The Unknown (1927) is one of the final masterpieces of the silent film era. Suspend disbelief and step into the carnival of the absurd. The Unknown is the ebony carousel of the Tod Browning/Lon Chaney oeuvre, the one film in which the artists’ obsessions perfectly crystallized. This is a film uniquely of its creators’ time, place and psychosis and, therefore, it is an entirely idiosyncratic work of art, which has never been remotely mimicked, nor could it be. That it was made at MGM borders on the miraculous, or the delightfully ridiculous, but then this was an era of exploratory boundaries, even at the big studios (again, the risk-taking Irving Thalberg produced).
“There is a story they tell in old Madrid. The story, they say is true.” So opens the tale of “Alonzo, the Armless.” Browning spins his yarn like a seasoned barker at the Big Top of a gypsy circus where “the Sensation of Sensations! The Wonder of Wonders!,” Alonzo (Lon Chaney), the Armless, throws knives, with his feet, at the object of his secret affection, Nanon (an 18 year old Joan Crawford).
Illusions abound. Alonzo is actually a double-thumbed killer on the lam. With the aid of a straight jacket and midget assistant Cojo (John George, who worked with Browning in Outside the Law ), Alonzo feigns his handicap and performs the facade of one mutilated.
In addition evading the law and securing employment, Alonzo’s act of the armless wonder benefits him greatly. Nanon has a hysterical, obsessive repulsion to the very touch of a man’s arms. She calls on the Almighty to take away the accursed hands of all men. Nanon vents histrionic, sexual anxiety to Alonzo every time Malabar the Mighty (Norman Kerry) puts his vile hands upon her. Alonzo, ever the performer, simulates expressed sympathy, although his affection for Nanon is the one thing about Alonzo that is genuine.
Alonzo, secretly venting enmity, advises Malabar on how to win Nanon. It is, of course, intentional ill-advice which will eventually karmically rebound and become genuine ill-advice for Alonzo. Malabar’s arms are muscled and strong, compared to Alonzo’s armless torso, or compared to Alonzo’s deformed, hidden double thumb—the very same double thumb which he used to strangle the ringmaster of Browning’s perverse milieu: Nanon’s sadistic father, Antonio Zanzi (Nick Ruiz, hinted at being the abusive source for Nanon’s hatred of a man’s touch).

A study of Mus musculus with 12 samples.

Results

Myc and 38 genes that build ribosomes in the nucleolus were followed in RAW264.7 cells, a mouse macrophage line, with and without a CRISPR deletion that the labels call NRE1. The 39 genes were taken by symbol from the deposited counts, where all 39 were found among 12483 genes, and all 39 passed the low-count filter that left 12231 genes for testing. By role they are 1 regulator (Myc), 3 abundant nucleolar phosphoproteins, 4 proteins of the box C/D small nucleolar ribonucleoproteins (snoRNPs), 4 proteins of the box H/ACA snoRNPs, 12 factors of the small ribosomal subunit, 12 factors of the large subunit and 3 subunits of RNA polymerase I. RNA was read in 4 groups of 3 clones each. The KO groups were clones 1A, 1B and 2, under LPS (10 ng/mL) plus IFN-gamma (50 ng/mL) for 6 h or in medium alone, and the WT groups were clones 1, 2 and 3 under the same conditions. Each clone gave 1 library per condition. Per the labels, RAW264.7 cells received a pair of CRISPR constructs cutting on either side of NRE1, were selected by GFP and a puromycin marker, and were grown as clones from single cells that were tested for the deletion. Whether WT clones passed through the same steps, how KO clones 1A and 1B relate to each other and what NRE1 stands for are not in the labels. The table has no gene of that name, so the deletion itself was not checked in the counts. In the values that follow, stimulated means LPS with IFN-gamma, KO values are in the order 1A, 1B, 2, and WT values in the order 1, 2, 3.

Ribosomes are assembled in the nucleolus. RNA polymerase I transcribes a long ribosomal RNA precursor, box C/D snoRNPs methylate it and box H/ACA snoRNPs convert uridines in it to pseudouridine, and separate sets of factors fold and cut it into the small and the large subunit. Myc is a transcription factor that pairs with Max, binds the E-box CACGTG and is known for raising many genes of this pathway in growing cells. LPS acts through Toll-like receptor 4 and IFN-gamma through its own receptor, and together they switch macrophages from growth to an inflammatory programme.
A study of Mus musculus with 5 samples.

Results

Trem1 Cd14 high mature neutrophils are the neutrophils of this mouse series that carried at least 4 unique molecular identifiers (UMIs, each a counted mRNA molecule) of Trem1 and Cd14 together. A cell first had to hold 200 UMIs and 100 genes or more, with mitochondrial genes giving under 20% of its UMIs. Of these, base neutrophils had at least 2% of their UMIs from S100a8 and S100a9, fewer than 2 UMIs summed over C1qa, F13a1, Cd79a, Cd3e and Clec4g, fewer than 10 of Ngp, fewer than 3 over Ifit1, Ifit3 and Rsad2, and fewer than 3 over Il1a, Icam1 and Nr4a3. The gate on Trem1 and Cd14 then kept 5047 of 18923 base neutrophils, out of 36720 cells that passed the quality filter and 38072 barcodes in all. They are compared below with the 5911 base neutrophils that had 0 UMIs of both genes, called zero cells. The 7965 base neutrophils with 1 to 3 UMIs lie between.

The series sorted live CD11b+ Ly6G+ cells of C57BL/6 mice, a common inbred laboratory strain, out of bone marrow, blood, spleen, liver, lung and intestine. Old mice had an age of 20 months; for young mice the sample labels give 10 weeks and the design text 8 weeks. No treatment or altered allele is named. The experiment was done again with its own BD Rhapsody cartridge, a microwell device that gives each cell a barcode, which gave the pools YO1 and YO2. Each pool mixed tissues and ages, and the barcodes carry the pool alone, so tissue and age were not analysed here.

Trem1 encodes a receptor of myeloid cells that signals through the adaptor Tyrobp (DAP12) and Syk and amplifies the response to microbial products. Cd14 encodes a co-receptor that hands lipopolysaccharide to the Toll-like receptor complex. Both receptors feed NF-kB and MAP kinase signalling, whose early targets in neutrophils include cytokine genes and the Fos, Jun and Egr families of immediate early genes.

After Alonzo swears to care for her, Nanon embraces him, to the alarm of Cojo. The loyal Cojo fears that Nanon will discover Alonzo’s secret. But, Alonzo must have, marry, and own Nanon, despite the fact that she hates the hands of all men, and would certainly hate the hands of the double-thumbed murderer.
An alluring shot of Crawford, filmed through gauze, gives way to a mesmerizing, humorous scene of Alonzo lighting his cigarette with his feet, long after removal of the binding straight jacket beneath his coat (shades of Freaks  to come). Cojo laughs at the irony. Alonzo is perplexed. “Look, Alonzo, you are forgetting that you have arms!” Aghast, Alonzo looks at the cigarette between his toes and the freed, cursed hands which keep him from possessing Nanon. Repulsed, Alonzo clutches the arms of the chair. The revelation of his dilemma provokes a flow of maddening tears, which evolves into abject horror and gives him the terrifying answer: a a martyrdom of emasculation, all for unrequited love. “Not that, Alonzo!” Chaney’s intense concentration obliterates all doubts. If we were not terrified, we would laugh insanely with him.
Alonzo goes to see the underworld surgeon. When the doctor inquires into Alonzo’s desire, Alonzo pantomimes a slash across his shoulder. This is an amazingly acted, unsettling scene in which Chaney’s simple pantomime slash solicits genuine shock and shudder.
After a long recuperation, Alonzo goes to see Nanon, who is astonished at his withered appearance, which he explains away as the result of having “lost some flesh.” Chaney’s meltdown scene has been much written about. Burt Lancaster listed it as the greatest acting scene in all of cinema. Chaney expresses A teary-eyed gleam, wistful yearning, brooding, barely concealed jealousy, tragedy, hysterics, and fatigued collapse from the masochistic futility of his sacrificial mutilation all within a matter of seconds.
Forced to perform yet again, Alonzo must mask his true reaction as Nanon kisses hands that she no longer fears. Nanon unwittingly mocks Alonzo’s sacrificial maiming. Despite Alonzo’s web of lies, his facade, his cruel betrayal of Cojo and maliciously plotting ghastly revenge, Chaney has our unmitigated sympathy. Chaney makes us understand and root for the misunderstood. God bless the freaks. It is only fitting that Chaney, the quintessential performer, climaxes as the performer pathological.
And only Tod Browning could have directed this lurid, deliriously surreal pulp melodrama/debauched fairy tale without batting an eyelash once. Browning’s sincerity is contagious and spellbinding during the film’s brief 50 minute running time, which ends with a startling, ferociously driven, symbolic finale.
For many years The Unknown was thought lost. All but 15 minutes of the film have been recovered, which may give a glimmer of hope for those awaiting the discovery of the infamous London After Midnight (1927). Until then, only a still photo restoration of Midnight exists, which will be reviewed next week, along with Browning’s remake, Mark of the Vampire (1935).